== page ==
Taking the Lead: Young People Tackle the Challenges of Being a Kid in a Chaotic World

Being a kid in today’s world is not easy. Just ask the experts—kids. There are more distractions and more demands on young peoples’ lives than ever before. And while it may be true that being a kid has never been altogether easy, what sets apart today’s crop of young people from past generations is the prevalence of stress and anxiety in their lives, as explained by a group of high school students at a recent Yes Network leadership development training.

In early March, nearly 50 high school kids from across Central Minnesota attended leadership training at St Cloud State University as part of the Yes Network’s youth development program. Participants took part in micro sessions on how to understand themselves and others around them, they played games and engaged in teamwork-building exercises, and they shared stories about growing up in today’s world—a world that seems to grow more complicated every day.

“These kids helped us to understand things better and see the possibilities in our kids and in our communities,” said Jerry Sparby, Founder and CEO of the Yes Network. “Kids are feeling disconnected from others around them,” he said. “Most believe that social media is the culprit, but we believe that it is only one of the multiple reasons. It might be diet, chronic stress in parents, parents bringing home stress from work, lack of attachment to parents, friends, and others in their neighborhoods.”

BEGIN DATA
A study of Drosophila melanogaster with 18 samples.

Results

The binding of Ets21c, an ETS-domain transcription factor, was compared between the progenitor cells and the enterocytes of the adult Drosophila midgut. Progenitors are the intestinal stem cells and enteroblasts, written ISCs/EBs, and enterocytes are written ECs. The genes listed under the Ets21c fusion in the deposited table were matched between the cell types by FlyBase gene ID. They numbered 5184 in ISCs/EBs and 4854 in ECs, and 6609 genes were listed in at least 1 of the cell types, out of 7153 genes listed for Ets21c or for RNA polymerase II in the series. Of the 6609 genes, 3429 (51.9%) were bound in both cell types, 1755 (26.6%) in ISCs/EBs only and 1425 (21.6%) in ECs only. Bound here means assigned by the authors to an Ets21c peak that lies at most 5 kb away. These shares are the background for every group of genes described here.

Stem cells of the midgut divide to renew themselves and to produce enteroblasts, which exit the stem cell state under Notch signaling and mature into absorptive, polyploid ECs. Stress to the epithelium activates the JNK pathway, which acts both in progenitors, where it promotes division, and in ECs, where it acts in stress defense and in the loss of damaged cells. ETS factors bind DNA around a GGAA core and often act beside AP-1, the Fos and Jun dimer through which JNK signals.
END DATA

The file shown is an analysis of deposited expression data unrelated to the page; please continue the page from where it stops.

The Yes Network has been working in St Cloud, Waite Park, and Sauk Rapids for the past seven years to help kids build friendships in their neighborhoods and to change communities by engaging high school students in leadership opportunities like the recent event at SCSU which seemed to resonate with the young people in attendance.

“I wish the other kids at my school and in my neighborhood could go through the leadership training. It is really helping me to understand myself,” said a program participant.

“I met so many new friends. I had no idea these kids were no different than me…” said another participant. “They have some of the same issues at home and in their neighborhoods as we do.”

The Yes Network’s mission to create vibrant, loving, prosperous neighborhoods through our presence and engagement with the children and families in the places where they live.

“It is our vision to train high school kids to become mentors and leaders, and to provide opportunities for kids to jump rope, play games, create art projects and build friendships along the way.” said Sparby.

If the recent training event is any indication of future success for the young people involved, there are promising things to come. Just leave it to the experts.